We used to celebrate employee birthdays at Pollstar.com. You folks who work at large, multinational corporations such as ours know the routine – someone sticks a candle in a Hostess Cupcake while the rest of the crew sings “Happy Birthday To You” to the lucky employee. Then it’s out to the parking lot for the traditional birthday spanking followed by consuming massive amounts of Jose Cuervo.

However, when you have over 3,500 workers who are busy entering dates for Damien Rice, researching new shows for Galactic and filleting the new shows for Leftover Salmon, all those birthday celebrations tend to distract everyone from their daily duties. On the other hand, morale is important in the workplace, and telling our workers that they can’t have their birthday parties and their parking lot tequila blowouts is tantamount to telling Britney Spears that she has to cover up her navel and start using words that are three syllables or longer. That is, unless you offer them a viable alternative.

So we came to a decision. In place of celebrating someone’s birthday, we decided that we’d celebrate an employee’s anniversary with the company. And instead of doing the cupcake routine followed by the tequila bender in the parking lot, we decided that everyone would sign a greeting card, kick in a buck, and then we’d give the lucky person the card filled with money at the end of the day. That way, all the dates, like the schedules for cKy and Hank III would be processed in a timely matter, and the anniversary person could buy as much tequila as he or she wanted, and still have enough cash left over for a good, professional spanking. So far, so good.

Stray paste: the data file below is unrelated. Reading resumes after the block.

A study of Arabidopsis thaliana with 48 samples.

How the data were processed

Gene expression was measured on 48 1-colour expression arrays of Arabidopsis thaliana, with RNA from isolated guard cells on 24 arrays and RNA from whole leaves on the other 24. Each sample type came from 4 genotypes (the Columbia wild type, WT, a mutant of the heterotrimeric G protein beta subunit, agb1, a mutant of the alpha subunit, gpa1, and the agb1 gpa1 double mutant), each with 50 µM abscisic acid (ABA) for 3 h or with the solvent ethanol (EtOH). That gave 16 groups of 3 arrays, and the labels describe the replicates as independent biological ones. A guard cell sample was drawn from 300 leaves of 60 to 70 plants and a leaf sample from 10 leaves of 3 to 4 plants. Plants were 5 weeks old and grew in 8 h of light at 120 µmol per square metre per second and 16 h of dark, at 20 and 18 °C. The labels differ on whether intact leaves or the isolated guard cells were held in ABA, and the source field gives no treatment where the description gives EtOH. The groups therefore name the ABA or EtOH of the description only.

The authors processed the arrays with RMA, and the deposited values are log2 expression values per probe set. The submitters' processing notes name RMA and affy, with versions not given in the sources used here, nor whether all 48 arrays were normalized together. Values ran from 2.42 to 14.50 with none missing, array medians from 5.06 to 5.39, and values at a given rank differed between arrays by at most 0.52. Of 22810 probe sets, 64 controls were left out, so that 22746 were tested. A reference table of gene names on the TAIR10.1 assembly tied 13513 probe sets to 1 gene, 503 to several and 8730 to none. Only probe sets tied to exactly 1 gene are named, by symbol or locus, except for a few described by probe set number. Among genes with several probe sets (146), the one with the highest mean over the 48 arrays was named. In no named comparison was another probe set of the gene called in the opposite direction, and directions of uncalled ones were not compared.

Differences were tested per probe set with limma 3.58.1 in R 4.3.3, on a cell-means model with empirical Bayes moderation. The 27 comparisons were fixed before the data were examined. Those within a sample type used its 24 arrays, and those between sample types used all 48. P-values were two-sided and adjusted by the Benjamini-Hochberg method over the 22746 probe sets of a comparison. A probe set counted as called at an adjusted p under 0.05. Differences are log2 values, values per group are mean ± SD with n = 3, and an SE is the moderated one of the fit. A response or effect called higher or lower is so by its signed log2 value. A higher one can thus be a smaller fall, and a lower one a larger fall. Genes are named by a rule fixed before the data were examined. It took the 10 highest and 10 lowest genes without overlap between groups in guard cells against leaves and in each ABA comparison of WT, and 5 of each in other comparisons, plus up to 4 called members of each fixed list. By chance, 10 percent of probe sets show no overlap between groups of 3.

But it didn’t stop with employment anniversaries because pretty soon we were celebrating wedding anniversaries, engagement anniversaries and rehab anniversaries. We signed cards for divorce anniversaries, and collected money for paternity suit anniversaries. And while we were celebrating all those anniversaries we began to fall behind on processing the incoming tour data, making us late to add dates for Norah Jones or Opeth.

Take today, for example. Already we’ve signed greeting cards commemorating a vasectomy anniversary, an adoption anniversary, a reverse-vasectomy anniversary and a malpractice anniversary. Plus, we’ve kicked in a buck for a dialysis anniversary, a colonoscopy anniversary and a liposuction anniversary.

Yes, we’ve signed so many cards and donated so many dollars that we’ve developed permanent Carpal Tunnel Syndrome, and we’re flat broke through the first payday in January. Plus, we’re going be up all night working on the schedules for Sting, Shania Twain and Noe Venable in order to make up for all that time spent on signing cards and flinging dollars. And while were burning the midnight oil, there’s only going to be one thing everyone’s mind. A question that we’d really like answered, before our wrists wither away and we all have to file personal bankruptcy. After all, we’ve signed all the cards and given away all our money, so we deserve an answer.

Just how many anniversaries can our boss have, anyway?